A Ketubah is a legal marriage document between the couple, signed by two witnesses before the marriage ceremony.
It is usually read under the Chuppah-Wedding Canopy during the ceremony by the Officiant. It is displayed for the guests to see.
Today Ketubot are beautiful pieces of Art. Many couples will frame their ketubah and display it in their home to remind them
of the new and wonderful life they will share together as a married couple.
Orthodox Ketuvot are invariably written in Aramaic.
Although the terminology used by various communities is very similar, there can be differences depending on several factors, such as a community’s customs, whether this is a first or second marriage, and suchlike.
For instance, Ashkenazim are accustomed to simply write 100 or 200 Zuz, an ancient Babylonian currency, in the Ketuvah, whereas the Sephardic custom is to cite an additional monetary sum in the national currency. However, the groom always commits himself therein to honor, feed and support his wife.
A Ketuvah also grants a lien to the wife on any real estate and other property belonging to the groom, which can be claimed against in cases of divorce. A husband, though, is entitled to benefit from any property that his wife owns or gets from her father, although she retains ownership.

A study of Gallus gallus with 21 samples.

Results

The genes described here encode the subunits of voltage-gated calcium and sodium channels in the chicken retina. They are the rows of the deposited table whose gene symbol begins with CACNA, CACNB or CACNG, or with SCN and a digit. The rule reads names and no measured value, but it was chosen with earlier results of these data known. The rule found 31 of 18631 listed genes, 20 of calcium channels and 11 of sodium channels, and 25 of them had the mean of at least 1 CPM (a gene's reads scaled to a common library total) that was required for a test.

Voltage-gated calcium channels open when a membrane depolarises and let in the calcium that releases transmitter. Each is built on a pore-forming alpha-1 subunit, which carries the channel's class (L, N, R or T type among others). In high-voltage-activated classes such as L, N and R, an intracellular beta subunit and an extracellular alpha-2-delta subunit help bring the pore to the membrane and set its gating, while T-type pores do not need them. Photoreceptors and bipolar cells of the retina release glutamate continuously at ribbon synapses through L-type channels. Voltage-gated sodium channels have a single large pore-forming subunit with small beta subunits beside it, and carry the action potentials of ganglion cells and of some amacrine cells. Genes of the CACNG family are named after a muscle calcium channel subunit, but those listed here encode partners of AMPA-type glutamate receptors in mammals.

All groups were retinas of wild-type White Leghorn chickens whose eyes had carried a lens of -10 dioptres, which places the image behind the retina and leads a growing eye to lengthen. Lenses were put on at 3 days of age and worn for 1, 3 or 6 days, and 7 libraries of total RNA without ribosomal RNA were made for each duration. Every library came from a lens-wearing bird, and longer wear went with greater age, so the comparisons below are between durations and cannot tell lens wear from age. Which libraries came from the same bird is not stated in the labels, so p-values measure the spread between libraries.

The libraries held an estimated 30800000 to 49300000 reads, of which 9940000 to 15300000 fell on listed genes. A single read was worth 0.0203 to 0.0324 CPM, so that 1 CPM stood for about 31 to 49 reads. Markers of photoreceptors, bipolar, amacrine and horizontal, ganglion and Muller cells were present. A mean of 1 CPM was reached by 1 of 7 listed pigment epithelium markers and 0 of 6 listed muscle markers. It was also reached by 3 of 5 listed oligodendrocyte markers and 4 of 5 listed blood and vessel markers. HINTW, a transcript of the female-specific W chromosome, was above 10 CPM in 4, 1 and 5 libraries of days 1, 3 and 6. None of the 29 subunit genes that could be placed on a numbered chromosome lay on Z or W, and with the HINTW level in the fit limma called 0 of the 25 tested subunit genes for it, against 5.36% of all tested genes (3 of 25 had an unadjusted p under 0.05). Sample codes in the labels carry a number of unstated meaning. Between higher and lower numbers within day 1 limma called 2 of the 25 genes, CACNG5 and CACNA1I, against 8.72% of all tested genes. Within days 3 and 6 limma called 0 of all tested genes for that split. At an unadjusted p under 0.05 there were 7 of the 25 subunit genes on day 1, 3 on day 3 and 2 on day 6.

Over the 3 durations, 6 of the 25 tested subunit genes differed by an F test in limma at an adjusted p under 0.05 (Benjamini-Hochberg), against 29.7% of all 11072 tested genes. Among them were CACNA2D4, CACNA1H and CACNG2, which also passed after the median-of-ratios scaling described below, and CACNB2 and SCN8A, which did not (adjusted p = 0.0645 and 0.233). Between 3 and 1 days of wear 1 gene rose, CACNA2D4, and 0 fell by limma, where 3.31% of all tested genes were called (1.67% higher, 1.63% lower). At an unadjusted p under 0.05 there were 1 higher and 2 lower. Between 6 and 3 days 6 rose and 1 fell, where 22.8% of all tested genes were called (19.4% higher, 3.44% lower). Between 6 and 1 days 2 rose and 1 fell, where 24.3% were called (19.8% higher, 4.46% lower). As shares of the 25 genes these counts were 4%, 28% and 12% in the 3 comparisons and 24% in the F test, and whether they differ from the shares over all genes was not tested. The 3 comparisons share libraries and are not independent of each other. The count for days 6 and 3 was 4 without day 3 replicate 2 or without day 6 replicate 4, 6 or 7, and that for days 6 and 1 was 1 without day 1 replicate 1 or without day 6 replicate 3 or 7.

One should consult with the officiating Rabbi about the terminology he requires in each case. The officiating Rabbi should also be consulted about whether he is particular about anything else.
Apart from that, though, Judaism is not particular about design or artwork used in a Ketuvah, and we have many designs for you to choose from.
It is debateable whether a Ketuvah is required by the Torah, or whether that is only required by the Torah for a virgin bride, whereas divorced and other women are required by Rabbinical decree to have a Ketuvah, so that a husband will think twice before divorcing his wife. Were it to be cheap and easy to get divorced, a woman would not feel secure, and she would be constantly worried about divorce.